Getting to Know Dr. Tracey Beaulne!
What is your favourite recipe?
Tri-colour hot or cold quinoa salad
- 11/2 cup- Bob’s Red Mill Tri-colour Quinoa, cooked in rice cooker
- 1 cup- green beans--- steamed
-1 cup cooked sliced cremini mushrooms- sautéed on low heat with EVOO and a dash of A. Vogel Herbamare
-1 cup diced celery- sautéed on low heat with EVOO and a dash of A. Vogel Herbamare
-1/2 cup of chopped chives
Mix all ingredients together for a yummy hot or cold salad—top with Bragg’s Apple Cider Vinegar and some EVOO.
What Book are You Reading?
The Psychobiotic Revolution—Mood, Food and the New Science of the Gut-Brain Connection by Scott C. Anderson with John F. Cryan and Ted Dinan
I have been following the research publications of Dr. Cryan and Dr. Dinan for years—both are leaders in the field in microbiome science, both are part of the APC Microbiome Ireland, and their group is the impetus behind the launch of the first World Microbiome Day. I was very excited when they released their new book on psychobiotics-- Ted coined the term psychobiotic years ago and it encapsulates a lot of what is going on between our gut (second brain) and our brain. Think of a psychobiotic as a probiotic for your brain, but it is any targeted intervention for the microbiome that supports brain health. This includes food (high in fibre, polyphenols, omega 3 fatty acids and fermented foods) probiotics, prebiotics and fecal transplants. The book is full of cutting edge practical information on the gut-brain-microbiome axis. With the easy to follow writing style of veteran science journalist Scott Anderson, you come away with a thorough understanding of everything that the neuroscientists studying the microbiome know! I especially enjoyed the last chapter on the future of psychobiotics, as the science is truly in its infancy, but on the cusp of a revolution in how we understand and treat brain health. As an aside, I had the privilege of interviewing John Cryan in the Microbiome Summit for Town Hall Medicine (a partnership between the University of Toronto and Genuine Health). We covered a lot of the topics covered in his book and then some!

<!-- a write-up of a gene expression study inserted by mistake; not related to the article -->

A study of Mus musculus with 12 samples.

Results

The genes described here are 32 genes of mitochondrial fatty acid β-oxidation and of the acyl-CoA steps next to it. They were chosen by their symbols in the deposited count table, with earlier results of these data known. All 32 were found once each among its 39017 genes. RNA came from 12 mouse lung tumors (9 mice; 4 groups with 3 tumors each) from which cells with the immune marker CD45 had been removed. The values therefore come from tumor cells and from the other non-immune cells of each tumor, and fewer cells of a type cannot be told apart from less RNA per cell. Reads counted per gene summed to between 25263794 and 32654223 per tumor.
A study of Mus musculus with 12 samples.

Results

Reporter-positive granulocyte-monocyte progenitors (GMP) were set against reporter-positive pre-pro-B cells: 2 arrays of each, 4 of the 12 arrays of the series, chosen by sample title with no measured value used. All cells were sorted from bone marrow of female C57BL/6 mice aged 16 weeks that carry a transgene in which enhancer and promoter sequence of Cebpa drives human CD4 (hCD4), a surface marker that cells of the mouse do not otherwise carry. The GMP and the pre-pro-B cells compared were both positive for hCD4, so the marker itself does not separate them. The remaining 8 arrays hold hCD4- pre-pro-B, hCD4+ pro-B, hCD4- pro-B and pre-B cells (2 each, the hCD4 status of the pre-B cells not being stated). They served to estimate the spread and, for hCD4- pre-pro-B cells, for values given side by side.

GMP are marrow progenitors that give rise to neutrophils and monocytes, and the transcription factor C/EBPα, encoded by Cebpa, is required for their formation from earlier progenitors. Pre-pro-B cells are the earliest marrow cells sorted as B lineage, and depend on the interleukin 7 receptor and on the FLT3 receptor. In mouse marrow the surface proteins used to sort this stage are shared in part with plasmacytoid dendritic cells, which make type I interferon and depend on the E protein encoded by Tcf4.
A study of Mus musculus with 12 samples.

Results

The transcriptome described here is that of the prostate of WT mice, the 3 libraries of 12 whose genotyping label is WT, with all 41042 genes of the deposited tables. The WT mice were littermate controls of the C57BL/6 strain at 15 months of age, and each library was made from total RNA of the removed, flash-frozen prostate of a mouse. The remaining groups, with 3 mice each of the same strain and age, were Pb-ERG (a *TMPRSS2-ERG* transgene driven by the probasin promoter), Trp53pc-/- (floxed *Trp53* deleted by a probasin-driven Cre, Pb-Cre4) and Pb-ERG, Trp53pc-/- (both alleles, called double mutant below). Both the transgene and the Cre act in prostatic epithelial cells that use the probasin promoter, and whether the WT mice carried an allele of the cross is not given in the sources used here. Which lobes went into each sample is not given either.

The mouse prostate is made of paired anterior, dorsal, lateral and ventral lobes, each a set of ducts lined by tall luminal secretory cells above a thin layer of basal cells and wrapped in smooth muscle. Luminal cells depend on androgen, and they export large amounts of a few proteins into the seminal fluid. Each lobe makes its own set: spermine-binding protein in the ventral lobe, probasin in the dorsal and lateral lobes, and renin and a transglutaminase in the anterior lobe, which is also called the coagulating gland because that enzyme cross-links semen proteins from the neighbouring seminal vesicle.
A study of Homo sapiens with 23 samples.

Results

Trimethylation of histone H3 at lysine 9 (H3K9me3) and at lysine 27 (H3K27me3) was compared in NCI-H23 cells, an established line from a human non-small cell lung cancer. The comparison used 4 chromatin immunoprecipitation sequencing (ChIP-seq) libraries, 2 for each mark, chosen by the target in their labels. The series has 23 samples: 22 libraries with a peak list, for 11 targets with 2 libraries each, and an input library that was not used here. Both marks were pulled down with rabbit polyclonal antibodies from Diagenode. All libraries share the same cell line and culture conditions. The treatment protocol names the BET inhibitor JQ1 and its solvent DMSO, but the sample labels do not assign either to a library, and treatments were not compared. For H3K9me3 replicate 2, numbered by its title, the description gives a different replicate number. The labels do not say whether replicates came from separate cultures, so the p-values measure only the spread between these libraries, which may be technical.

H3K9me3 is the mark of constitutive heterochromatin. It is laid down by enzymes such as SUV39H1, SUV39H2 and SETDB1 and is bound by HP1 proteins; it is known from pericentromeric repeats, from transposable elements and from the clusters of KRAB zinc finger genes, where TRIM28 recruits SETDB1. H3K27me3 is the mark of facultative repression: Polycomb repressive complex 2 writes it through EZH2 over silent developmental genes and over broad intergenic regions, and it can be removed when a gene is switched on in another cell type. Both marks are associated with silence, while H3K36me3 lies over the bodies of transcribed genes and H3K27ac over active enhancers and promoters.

What do you believe has had the biggest impact on your health?—
It is difficult to say any single factor has the biggest impact since I rate diet, sleep, meditative diaphragmatic breathing and movement on the same continuum. All are lifestyle factors that I work at daily. When I neglect to meditate with deep diaphragm breathing on a daily basis I definitely notice my stress resiliency go down and get right back at it.
How do you get your kids to eat enough vegetables?
Thankfully my kids love vegetables, are very good eaters and are at an age where I still have control over their diet! I am that ND mom who constantly talks to my kids about making good food choices and we eat almost all of our meals at home with real food ingredients. It’s all they know! Fingers crossed the habits we created will stick with them for life. Although they’ve been known to lament that their mom is a health doctor!
What product can you not live without?
There are so many products! But I can’t live without probiotics. I discovered them (Yakult) when I lived in Japan back in 1993 and they are one of the things that healed my tummy and continues to keep it well. I continuously follow probiotic research and am excited for the day when we will be able to customize probiotics to each individual person’s microbiome.
What is your best stress management tool?
I learned to meditate in 2001 when I took my first Mind Body Medicine course at the Benson-Henry Institute (BHI) at the Harvard Medical School. But it wasn’t until 2008 when I had my first child and a major health crisis that I embraced diaphragmatic meditative breathing as a daily ritual.